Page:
By the year 2030, it is estimated that there will be just 2.3 working age adults in the EU for every person over 65.
The demographics of the developed world are changing, and policy is struggling to keep up. British people are living longer – and this is surely to be celebrated. But as life expectancy rises, so does the pressure on the public purse.
People will either face additional health and social care challenges for conditions associated with old age, or will remain healthier for longer, which puts a strain on the state pension system. One way or another, our longevity will cost us.
In the last few days, we have seen two government policy shifts in this area. First, the Home Office said that foreign doctors would be exempted from the cap on skilled non-EU migrants, so they can fill the staff shortages in the health service. Then on Sunday, the Prime Minister announced a £20bn funding boost for the NHS, aiming to tackle the gaping shortfall.
Both are responses to demographics: migration tends to lead to an influx of younger workers (which is why it should be encouraged, and not just in the NHS), while serious debate is needed around the rising health costs of our ageing population.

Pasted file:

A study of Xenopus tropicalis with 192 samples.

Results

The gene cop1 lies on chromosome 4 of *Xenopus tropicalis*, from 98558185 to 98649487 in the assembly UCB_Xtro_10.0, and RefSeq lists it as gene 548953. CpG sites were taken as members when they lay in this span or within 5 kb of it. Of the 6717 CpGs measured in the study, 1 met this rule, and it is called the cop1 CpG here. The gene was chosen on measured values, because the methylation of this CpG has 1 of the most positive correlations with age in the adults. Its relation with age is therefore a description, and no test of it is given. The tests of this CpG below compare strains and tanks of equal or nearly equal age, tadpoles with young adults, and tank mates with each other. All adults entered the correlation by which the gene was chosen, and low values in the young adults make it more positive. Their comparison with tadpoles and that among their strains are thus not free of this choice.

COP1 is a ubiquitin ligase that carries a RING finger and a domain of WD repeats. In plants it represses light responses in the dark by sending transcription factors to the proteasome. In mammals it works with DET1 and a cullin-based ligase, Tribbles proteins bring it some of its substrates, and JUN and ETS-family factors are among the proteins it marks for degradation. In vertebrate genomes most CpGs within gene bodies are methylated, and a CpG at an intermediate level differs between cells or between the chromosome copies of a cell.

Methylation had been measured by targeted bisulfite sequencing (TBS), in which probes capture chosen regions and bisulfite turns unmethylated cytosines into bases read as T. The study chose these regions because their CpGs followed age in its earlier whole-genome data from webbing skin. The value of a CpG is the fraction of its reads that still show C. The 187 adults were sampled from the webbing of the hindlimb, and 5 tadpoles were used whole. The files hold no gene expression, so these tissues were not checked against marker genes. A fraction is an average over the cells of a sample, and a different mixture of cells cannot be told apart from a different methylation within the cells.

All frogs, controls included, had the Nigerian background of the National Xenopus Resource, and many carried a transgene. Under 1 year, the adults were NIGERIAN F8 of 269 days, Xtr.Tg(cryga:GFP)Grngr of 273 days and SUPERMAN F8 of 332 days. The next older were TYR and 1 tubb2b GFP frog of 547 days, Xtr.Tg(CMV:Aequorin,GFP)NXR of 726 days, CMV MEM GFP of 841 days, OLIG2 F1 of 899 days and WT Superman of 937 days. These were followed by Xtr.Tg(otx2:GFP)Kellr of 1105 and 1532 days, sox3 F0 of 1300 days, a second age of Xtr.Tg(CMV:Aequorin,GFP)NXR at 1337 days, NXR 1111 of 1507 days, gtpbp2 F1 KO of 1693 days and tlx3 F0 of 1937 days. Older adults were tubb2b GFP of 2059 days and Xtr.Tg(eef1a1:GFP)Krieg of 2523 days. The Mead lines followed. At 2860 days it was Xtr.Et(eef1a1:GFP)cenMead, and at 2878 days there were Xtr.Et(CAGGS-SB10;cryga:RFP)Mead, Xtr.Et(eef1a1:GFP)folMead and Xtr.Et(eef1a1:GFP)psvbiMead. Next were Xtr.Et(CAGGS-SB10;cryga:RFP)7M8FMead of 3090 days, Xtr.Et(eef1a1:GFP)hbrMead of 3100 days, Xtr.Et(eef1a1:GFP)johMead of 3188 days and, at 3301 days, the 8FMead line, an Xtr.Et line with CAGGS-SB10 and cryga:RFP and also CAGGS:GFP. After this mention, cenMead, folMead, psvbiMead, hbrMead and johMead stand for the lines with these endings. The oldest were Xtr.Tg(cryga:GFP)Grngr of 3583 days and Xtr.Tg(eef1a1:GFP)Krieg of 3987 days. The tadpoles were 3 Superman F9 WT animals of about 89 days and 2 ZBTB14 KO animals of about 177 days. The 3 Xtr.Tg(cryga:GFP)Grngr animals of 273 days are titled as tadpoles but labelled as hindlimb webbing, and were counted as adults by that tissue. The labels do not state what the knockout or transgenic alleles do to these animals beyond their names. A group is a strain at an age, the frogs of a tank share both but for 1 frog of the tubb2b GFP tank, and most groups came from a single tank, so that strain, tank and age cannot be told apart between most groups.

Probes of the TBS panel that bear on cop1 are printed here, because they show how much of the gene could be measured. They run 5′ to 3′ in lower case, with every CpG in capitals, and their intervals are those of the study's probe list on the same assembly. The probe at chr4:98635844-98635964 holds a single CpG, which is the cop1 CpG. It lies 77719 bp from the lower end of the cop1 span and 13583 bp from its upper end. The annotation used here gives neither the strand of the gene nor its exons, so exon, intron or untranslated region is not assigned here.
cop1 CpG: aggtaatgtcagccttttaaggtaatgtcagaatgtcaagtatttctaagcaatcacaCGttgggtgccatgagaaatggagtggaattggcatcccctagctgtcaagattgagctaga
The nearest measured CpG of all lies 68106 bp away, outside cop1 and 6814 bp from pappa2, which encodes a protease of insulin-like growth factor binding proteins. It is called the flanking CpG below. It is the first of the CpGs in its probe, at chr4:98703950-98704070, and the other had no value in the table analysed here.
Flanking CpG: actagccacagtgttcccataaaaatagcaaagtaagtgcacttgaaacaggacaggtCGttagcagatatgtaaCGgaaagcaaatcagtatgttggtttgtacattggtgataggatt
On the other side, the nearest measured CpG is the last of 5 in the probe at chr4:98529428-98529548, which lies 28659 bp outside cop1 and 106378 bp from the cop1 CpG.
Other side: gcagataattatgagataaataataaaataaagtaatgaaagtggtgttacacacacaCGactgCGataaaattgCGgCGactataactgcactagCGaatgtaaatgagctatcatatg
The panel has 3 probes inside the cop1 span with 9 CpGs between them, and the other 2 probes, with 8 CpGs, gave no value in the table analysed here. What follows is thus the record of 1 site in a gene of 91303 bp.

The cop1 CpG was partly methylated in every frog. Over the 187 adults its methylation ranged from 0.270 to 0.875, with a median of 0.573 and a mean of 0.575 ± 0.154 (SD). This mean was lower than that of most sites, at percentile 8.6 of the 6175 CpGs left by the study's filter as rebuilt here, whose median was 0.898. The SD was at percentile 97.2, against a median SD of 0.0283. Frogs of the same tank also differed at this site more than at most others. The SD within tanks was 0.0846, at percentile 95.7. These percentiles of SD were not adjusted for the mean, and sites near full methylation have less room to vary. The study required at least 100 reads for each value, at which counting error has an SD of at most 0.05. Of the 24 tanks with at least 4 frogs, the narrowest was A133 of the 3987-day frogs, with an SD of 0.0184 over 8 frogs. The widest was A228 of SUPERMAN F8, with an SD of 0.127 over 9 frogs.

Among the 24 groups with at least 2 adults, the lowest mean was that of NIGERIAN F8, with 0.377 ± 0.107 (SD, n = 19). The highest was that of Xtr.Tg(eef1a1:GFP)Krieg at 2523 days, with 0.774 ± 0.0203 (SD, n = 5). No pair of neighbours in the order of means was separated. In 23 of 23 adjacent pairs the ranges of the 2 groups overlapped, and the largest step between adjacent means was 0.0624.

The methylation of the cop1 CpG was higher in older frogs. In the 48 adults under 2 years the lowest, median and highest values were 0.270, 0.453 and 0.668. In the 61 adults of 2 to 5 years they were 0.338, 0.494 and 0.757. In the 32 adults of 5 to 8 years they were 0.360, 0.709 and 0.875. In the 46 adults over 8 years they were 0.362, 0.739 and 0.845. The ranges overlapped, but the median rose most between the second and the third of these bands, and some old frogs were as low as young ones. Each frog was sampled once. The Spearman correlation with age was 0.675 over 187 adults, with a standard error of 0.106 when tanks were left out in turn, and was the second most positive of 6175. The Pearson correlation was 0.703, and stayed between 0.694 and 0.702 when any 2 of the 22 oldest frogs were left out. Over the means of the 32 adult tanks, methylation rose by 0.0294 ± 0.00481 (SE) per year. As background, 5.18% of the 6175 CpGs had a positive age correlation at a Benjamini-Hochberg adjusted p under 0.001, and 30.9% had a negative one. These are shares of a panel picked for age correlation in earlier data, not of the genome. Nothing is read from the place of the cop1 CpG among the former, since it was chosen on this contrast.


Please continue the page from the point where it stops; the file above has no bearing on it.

One solution is to harness technology in the NHS and social care. Another is to rethink how we fund these services altogether – and, indeed, what we fund.
But it is possible that, in the tug-of-war over migration and spending, we are missing a vital part of the puzzle.
New PwC research out today estimates that we could raise UK GDP by £180bn a year – they call it an “economic prize” – by increasing the proportion of over-55 year olds in work. In PwC’s “Golden Age Index”, Britain ranks just 21st out of 35 countries for employment rates for older people – below Japan, the US, and Germany – while Iceland, New Zealand and Israel top the list. If the OECD as a whole matched New Zealand’s success in increasing the employment rate of over-55s, it would add $3.5 trillion to the global economy.
Unlike earlier generations, people aged 65 today can look forward perhaps two decades – much of it healthy – past the official retirement age. This data shows that there is a prosperity dividend to be gained by encouraging this cohort to work longer, both for their own benefit in terms of wealth and wellbeing, and for the sake of the economy.
PwC is right to view this as a prize, but with shifting demographics, it is also an economic necessity. The NHS boost and relaxation of migration caps need to be the start of this conversation. Changing working patterns must be the next stage.